A Replacement Life
A Replacement Life: A Novel by Boris Fishman. (Harper, 336 pp. $25.99)
Few authors generate the hosannas that greeted Boris Fishman for his debut novel, A Replacement Life, which was reviewed on the front page of The New York Times Review of Books. (“Is there room in American fiction for another brilliant young émigré writer?” asked the critic Patricia T. O’Conner. “There had better be, because here he is.”)
Fishman, who was born in Minsk and came to the United States at age 9, has been compared to Gary Shteyngart and Lara Vapnyar, who also started life in the former Soviet Union. Now 35, he is en route to joining the company of distinguished American writers born elsewhere.
Irreverent, unexpectedly comic and full of irony, A Replacement Life delves into the world of first-generation Russian immigrants and finds much to like—and dislike. The main character, Slava Gelman, 25 and trying to assimilate flawlessly into the American milieu, can’t quite shake his heritage or his conniving grandfather, Yevgeny, whose moral compass apparently has never been activated.
It is 2006 and Slava is working for Century magazine, a publication that resembles The New Yorker, but he is making little headway in his attempt to be a feature writer. His beloved grandmother, a Holocaust survivor who raised him, has just died, depriving him of the memories he hoped to use as he embarked on a literary career.
Here the novel ventures into an ethical no-man’s land. Yevgeny summons Slava to Brooklyn’s Brighton Beach to tell him that his grandmother received a letter from the Conference on Material Claims Against Germany days before she died. Germany was offering reparations for a survivor of a concentration camp, ghetto or forced-labor brigade.
Although Yevgeny doesn’t quite fit the categories, having dodged the draft by feigning insanity, fled Minsk and sat out the war, he wants to apply anyway, using real or imagined “experiences” that his wife encountered.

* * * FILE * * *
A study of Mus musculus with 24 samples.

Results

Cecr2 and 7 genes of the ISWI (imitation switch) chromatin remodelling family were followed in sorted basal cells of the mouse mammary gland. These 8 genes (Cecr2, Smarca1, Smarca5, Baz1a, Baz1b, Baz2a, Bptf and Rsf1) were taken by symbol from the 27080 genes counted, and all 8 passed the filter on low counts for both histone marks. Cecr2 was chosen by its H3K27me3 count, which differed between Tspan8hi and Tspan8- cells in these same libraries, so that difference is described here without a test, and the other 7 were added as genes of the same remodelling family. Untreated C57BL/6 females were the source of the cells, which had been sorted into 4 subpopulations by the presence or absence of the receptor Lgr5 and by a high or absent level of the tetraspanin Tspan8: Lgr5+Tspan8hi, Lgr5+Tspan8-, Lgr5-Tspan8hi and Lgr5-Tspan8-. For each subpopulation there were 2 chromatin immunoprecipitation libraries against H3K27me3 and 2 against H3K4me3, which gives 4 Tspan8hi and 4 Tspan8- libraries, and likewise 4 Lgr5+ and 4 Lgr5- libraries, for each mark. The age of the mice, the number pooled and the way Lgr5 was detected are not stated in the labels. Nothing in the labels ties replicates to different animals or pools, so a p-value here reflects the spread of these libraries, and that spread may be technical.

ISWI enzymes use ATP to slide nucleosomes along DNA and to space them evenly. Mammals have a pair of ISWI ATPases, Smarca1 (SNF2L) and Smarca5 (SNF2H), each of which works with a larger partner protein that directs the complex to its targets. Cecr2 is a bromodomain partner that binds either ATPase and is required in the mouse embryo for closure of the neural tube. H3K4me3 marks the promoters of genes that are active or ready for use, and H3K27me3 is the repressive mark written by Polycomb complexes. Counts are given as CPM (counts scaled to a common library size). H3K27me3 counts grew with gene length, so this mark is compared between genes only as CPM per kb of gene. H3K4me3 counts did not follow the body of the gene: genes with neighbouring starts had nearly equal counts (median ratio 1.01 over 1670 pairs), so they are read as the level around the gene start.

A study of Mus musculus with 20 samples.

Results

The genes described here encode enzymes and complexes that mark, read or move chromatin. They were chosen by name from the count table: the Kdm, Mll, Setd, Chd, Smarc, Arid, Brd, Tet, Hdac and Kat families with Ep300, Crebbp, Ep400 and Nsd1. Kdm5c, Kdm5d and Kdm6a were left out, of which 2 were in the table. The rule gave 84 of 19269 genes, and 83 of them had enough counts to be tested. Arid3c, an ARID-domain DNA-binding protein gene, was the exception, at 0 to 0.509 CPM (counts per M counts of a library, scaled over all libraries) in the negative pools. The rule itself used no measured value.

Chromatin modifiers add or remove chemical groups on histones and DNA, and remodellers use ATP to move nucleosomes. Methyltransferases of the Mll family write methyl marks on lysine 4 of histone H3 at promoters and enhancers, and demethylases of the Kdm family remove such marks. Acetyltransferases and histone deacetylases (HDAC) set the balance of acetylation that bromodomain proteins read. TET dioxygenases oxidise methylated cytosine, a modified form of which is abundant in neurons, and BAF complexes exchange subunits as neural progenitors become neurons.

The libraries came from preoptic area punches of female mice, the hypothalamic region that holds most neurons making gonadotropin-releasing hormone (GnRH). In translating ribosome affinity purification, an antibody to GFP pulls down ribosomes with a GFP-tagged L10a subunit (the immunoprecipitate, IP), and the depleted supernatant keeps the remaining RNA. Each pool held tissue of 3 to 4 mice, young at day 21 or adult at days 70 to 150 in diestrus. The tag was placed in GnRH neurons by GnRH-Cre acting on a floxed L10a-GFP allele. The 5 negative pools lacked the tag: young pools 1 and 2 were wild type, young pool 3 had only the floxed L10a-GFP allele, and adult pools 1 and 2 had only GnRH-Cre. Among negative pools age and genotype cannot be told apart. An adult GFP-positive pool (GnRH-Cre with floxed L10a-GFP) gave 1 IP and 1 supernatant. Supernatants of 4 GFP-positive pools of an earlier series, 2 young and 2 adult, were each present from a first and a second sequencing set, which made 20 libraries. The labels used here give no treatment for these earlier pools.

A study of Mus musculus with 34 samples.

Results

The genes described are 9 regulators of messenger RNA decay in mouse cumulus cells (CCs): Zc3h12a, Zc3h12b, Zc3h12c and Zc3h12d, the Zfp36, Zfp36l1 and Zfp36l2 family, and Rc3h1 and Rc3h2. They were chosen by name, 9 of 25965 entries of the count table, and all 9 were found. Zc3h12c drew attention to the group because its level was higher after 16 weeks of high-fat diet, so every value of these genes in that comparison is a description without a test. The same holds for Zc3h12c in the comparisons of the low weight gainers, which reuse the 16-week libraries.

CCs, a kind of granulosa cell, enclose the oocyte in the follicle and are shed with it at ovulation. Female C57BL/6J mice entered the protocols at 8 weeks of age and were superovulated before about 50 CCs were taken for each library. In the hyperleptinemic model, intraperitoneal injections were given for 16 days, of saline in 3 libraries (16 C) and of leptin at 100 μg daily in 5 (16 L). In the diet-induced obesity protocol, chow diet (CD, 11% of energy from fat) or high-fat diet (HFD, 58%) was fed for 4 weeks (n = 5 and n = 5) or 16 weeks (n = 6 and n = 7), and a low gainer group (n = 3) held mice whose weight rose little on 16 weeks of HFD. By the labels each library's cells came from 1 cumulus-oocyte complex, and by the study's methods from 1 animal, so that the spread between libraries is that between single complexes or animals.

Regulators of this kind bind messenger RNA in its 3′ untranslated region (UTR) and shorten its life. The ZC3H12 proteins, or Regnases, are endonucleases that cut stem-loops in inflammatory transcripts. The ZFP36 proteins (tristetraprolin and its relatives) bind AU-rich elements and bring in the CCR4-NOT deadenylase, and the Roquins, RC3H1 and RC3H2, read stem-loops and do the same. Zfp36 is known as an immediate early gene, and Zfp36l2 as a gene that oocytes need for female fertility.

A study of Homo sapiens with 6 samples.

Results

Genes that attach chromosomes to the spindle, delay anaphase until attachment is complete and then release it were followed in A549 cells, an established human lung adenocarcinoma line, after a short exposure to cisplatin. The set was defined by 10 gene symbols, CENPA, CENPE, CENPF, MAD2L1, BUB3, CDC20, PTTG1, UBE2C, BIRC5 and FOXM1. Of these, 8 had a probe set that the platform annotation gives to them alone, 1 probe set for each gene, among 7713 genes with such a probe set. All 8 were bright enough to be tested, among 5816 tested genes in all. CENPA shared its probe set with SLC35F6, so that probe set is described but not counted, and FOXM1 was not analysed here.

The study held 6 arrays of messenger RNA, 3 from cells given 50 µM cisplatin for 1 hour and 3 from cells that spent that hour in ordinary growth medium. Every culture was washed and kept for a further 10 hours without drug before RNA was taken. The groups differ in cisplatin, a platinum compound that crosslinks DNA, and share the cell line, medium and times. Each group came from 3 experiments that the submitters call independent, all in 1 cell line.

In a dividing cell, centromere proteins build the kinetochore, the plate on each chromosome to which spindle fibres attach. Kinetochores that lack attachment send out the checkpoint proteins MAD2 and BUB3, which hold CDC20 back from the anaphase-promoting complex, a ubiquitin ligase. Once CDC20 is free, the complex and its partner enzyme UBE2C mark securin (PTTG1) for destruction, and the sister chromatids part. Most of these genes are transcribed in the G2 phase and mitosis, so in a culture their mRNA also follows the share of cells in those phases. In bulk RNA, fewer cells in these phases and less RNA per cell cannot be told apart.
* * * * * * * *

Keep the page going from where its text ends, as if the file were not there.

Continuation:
And he wants Slava to compose the story. “You’re a writer, aren’t you?” he tells Slava, who is outraged at the notion of fraudulently profiting from the Holocaust. “Maybe I didn’t suffer in the exact way I need to have suffered, but they made sure to kill all the people who did.”
“This is like an article for your newspaper,” Yevgeny argues.
“Articles for my newspaper are not invented.”
“This country does not invent things?” Yevgeny asks, rhetorically. “Bush did not invent a reason to cut off Saddam’s balls?”
The logic is irrefutable, and Slava relents. He is no match for his persistent grandfather, who “got what needed to be got,” a friend remembers from Soviet days: “the salami, the caviar, the cognac, the minks.”
Slava composes an application with real and invented facts. In a twist, Slava finds an odd exhilaration in the process. Soon, the immigrant community is abuzz over Slava’s expertise in framing a narrative, and dozens of elderly Russian Jews besiege him to write their wildly embellished stories.
For Slava, the lying becomes easier as his output multiplies. The falsehoods begin to affect his performance at Century magazine as well as his love life. Ostensibly looking for “slip-ups, flubs and double entendres” in other magazines and consumed by composing the erroneous applications, he invents faux pas for Century, and he has difficulty distinguishing between the real and the fake.
His passionate affair with Arianna, a fact-checker at the magazine whose Jewish immigrant roots long predate his, hits a roadblock. The Russians want to match him with Vera, a childhood friend who represents all the crassness associated with the European life. The women take opposing positions as Slava’s chicaneries multiply. Arianna assumes the moral high ground; Vera is all for continuing the deceit. Eventually, Slava can’t stand himself or his actions.
Colorful characters abound, abetted by clever and jaunty writing. Fishman may have coined a simile in describing a young woman: “Like a Soviet high-rise, each floor of Berta was stuffed beyond capacity.”
Inevitably, the subterfuge is discovered by an investigator for the claims conference who confronts Slava and offers him a deal. If Slava confesses, he will discard the phony applications but keep the real ones. If not, he will reject all of them. For Slava, the choice is whether to be true to his past or betray the immigrants and be true to himself.
There are no easy answers in reconciling truth with justice, and Fishman, describing “murky compromises” in which an immigrant forges a new life, leaves it to the reader to mull the consequences.